ANGLE

No Relief From Debt Relief

Madhavankutty Pillai has no specialisations whatsoever. He is among the last of the generalists. And also Open chief of bureau, Mumbai  

A YEAR AGO, the total debt owed by the state of Maharashtra stood at Rs 3.33 lakh crore. By March of 2018, the debt will cross Rs 4 lakh crore. The state needs more than Rs 30,000 crore every year just to pay its interest. And its budget this time noted that it didn’t have money for capital expenditure, the nuts and bolts that make for what we call development. If a human being were to face such liabilities, he would be in a debt trap. Farmers know the feeling well. The way out is to cut expenses, create additional revenue and pay back. What is usually not done is to take more debt and then start distributing money. This is essentially what the Maharashtra government has done with the loan waiver to farmers that it has just announced.

What forced the Maharashtra government to give the loan waiver was Uttar Pradesh, which implemented the election promise of the BJP after it came to power. That is also responsible for the unrest among farmers in Madhya Pradesh. Uttar Pradesh too has over Rs 3 lakh crore in debt. Maharashtra, however, is the leader among debt-ridden states. This cascading agitation is the reason loan waivers are called a moral hazard.

It is a strong case against loan waivers. However , in India, business has gamed the banking system for so long with write-offs on their loans that it becomes a very weak argument to make against farmers. The NPA problem of Indian banks is the result of collusion between business, the crony capitalist state and the banking system. It is only when the problem becomes too large to hid by sleight that the country wakes up to how totally the system had been coopted to favour a few industrialists who thought they could borrow at will without considering the possibility of a reasonable payback. Banks would still be standing in queue to loan Rs 10,000 crore to a debt-ridden company because their immediate targets are met.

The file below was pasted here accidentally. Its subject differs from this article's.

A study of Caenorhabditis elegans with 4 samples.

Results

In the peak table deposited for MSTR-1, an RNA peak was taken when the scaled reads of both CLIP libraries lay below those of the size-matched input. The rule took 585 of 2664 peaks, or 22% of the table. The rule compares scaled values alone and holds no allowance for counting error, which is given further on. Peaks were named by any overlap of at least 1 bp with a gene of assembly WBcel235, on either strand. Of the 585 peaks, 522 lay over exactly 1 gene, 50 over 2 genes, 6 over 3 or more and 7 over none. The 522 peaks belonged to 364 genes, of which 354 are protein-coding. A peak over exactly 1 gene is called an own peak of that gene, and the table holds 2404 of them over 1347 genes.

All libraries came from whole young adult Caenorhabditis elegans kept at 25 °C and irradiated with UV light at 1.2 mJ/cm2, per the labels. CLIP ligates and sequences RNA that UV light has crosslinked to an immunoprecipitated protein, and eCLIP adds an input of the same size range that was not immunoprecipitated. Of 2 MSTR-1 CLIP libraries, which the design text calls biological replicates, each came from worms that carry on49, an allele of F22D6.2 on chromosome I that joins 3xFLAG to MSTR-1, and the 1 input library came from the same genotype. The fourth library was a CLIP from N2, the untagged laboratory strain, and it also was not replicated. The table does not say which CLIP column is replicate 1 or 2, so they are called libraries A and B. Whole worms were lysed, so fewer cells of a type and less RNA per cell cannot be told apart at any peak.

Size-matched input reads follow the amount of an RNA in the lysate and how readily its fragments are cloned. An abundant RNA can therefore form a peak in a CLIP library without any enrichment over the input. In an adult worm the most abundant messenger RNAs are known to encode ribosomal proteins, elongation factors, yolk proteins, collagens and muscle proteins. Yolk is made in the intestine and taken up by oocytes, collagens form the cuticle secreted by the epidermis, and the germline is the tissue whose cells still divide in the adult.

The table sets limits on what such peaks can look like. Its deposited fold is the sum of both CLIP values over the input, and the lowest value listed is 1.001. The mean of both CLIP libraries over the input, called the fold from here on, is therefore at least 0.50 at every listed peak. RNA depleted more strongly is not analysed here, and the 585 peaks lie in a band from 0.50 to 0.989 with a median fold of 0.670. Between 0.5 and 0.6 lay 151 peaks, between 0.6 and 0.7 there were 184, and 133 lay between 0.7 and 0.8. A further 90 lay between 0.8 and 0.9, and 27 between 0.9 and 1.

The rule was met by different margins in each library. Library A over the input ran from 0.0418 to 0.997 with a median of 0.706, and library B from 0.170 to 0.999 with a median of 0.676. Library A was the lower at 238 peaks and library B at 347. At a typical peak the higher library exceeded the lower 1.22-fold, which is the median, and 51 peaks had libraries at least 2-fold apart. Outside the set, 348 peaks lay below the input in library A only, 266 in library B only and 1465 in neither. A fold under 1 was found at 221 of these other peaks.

Both—write offs to companies and waivers to farmers—are moral hazards. If one is the justification for another, then it is a limitless chain. Why not waive loans of small traders? Or any other sector or profession which is in trouble? MS Swaminathan, who played a key role in India’s green revolution, tweeted about why a loan waiver is necessary but problematic, ‘Without repaying debts, farmers won’t get fresh kharif credit…Loan waivers though temporarily necessary, don’t provide secure long-term credit system. It implies that banks are compensated by government. Loan Waivers mean that money which could have gone to strengthening agricultural infrastructure will not have adequate funds.’

The idea that necessity is a reason for a waiver is problematic because the farming sector is always going to be susceptible to droughts essentially making waivers a permanent feature. This is de facto already true. But it doesn’t make anyone happy either. Already farmers in UP are agitating about the waiver they got being selective. If sufficient numbers agitate, there will be an expansion of the waiver. It is a bottomless cup to fill from a state that can afford very little to give.